CDC research published in Morbidity and Mortality Weekly Report shows that deaths associated with heroin overdoses increased significantly in 2012. In fact, death rates from heroin overdose doubled from 2010 to 2012. During this period, no state in the study had a reduction in the heroin death rate. Interestingly, of the 28 states, five had increases in prescription opioid death rates, seven states showed decreases and 16 states showed no statistical change.

How We See It

The bottom line – heroin abuse is increasing drastically while prescription opioid abuse is largely falling.

This new research gives us a clear picture of the effects of prescription drug abuse and how synthetic opioids can lead to heroin abuse. Indeed, it is estimate that ¾ of all heroin users abused prescription opioids before turning to heroin. Because prescription opioids target the same receptors in the brain as does heroin, it is not surprising that there would be a connection.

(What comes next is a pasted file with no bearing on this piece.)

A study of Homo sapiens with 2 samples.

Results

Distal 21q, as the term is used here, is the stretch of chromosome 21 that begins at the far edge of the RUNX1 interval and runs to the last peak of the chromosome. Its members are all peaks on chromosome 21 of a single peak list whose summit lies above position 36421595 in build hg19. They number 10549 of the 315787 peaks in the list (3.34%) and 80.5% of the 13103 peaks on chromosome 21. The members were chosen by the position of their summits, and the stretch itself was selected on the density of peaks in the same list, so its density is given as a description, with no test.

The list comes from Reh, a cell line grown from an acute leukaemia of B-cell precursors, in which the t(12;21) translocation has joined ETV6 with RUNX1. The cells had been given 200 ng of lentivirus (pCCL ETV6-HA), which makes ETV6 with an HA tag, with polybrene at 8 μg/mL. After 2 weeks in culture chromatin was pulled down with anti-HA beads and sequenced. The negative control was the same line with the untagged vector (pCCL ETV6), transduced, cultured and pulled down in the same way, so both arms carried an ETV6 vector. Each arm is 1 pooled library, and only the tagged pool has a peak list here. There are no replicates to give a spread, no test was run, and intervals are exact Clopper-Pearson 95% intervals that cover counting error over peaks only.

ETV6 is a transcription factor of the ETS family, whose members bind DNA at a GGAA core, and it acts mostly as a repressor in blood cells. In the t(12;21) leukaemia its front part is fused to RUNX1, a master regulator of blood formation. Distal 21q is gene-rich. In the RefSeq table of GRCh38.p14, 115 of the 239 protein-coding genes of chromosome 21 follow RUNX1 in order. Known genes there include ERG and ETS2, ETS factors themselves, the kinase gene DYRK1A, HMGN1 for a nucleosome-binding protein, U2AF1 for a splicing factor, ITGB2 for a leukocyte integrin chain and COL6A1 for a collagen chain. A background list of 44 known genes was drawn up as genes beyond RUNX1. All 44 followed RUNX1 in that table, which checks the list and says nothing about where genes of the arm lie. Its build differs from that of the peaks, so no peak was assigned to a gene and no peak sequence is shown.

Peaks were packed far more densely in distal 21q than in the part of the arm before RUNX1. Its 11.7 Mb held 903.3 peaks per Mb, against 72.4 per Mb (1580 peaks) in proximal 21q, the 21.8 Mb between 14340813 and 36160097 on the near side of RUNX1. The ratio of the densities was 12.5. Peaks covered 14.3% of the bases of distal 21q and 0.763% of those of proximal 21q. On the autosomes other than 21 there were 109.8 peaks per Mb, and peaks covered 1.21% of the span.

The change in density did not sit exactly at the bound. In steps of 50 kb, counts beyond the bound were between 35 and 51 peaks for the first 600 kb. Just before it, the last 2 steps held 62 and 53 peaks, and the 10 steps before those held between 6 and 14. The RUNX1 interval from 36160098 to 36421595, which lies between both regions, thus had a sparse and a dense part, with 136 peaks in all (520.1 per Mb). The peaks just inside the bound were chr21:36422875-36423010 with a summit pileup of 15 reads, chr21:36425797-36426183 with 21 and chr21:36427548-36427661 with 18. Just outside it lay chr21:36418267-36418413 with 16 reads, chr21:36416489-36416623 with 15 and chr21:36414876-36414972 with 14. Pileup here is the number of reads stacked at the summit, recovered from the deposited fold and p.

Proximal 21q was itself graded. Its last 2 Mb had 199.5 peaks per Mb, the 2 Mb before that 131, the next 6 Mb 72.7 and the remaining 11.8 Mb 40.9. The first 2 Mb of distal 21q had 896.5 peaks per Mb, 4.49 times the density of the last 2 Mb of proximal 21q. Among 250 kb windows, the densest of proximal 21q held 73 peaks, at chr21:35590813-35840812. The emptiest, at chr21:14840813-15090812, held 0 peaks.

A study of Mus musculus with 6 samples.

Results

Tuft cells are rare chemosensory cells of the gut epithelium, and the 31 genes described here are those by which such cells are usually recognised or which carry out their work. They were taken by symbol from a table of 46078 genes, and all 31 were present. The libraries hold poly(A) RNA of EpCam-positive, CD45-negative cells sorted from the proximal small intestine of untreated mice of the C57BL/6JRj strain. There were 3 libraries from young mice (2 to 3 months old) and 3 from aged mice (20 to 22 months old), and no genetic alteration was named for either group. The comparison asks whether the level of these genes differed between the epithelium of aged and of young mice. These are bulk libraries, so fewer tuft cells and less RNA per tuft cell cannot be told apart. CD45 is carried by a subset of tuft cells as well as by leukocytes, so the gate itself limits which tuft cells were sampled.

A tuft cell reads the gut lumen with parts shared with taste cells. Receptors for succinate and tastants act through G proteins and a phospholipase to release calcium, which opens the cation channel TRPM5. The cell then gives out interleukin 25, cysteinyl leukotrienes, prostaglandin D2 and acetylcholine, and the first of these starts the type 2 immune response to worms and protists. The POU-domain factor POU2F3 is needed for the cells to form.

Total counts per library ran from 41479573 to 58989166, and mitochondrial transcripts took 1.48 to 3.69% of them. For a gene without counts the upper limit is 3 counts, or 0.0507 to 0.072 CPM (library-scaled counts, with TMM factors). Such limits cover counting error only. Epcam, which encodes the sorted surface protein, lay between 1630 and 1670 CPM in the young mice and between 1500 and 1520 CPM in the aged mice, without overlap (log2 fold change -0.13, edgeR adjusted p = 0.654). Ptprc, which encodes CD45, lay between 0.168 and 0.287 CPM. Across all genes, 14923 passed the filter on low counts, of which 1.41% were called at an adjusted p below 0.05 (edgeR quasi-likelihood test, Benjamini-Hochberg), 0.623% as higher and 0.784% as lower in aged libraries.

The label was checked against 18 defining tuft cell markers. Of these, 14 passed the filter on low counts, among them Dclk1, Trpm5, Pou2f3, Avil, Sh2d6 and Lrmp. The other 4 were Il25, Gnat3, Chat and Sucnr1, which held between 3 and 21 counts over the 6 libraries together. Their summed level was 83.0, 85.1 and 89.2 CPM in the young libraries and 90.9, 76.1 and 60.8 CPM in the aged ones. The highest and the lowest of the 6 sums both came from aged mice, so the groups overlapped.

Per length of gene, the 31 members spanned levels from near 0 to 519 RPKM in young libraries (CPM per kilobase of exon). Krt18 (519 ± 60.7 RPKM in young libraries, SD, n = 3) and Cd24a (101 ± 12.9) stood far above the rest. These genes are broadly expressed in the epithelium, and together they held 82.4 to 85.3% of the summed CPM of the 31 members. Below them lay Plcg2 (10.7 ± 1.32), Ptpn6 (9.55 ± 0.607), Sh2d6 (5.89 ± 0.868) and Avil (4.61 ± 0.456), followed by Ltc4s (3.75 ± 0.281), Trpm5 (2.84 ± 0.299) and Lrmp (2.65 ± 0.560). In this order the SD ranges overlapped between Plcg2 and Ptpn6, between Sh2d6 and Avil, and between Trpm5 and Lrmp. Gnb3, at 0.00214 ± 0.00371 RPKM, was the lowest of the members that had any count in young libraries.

Further, with law enforcement ramping up efforts to stamp out prescription drug abuse, heroin has, in many cases, become a cheaper and more readily available alternative to prescription drugs.

As alarming as these statistics may be, there may be a silver lining. Since many heroin users start there opiate addiction with prescription drugs, and the abuse of opioid prescription drugs may be dropping, we could see a commensurate drop in heroin use in the future. Controlling prescription opioid abuse should still be a priority, as many children and young adults begin their addictive behavior with these drugs. Further, the number of people that died from prescription opioid abuse remains double the number of those that died from heroin overdose as of 2012.


Death certificates in 28 US states were investigated by the CDC for this research. The period in question ranged from 2010-2012 and covered approximately 56% of the population of United States. Data from 18 of the 28 states was considered reliable in the case of heroin overdose rates.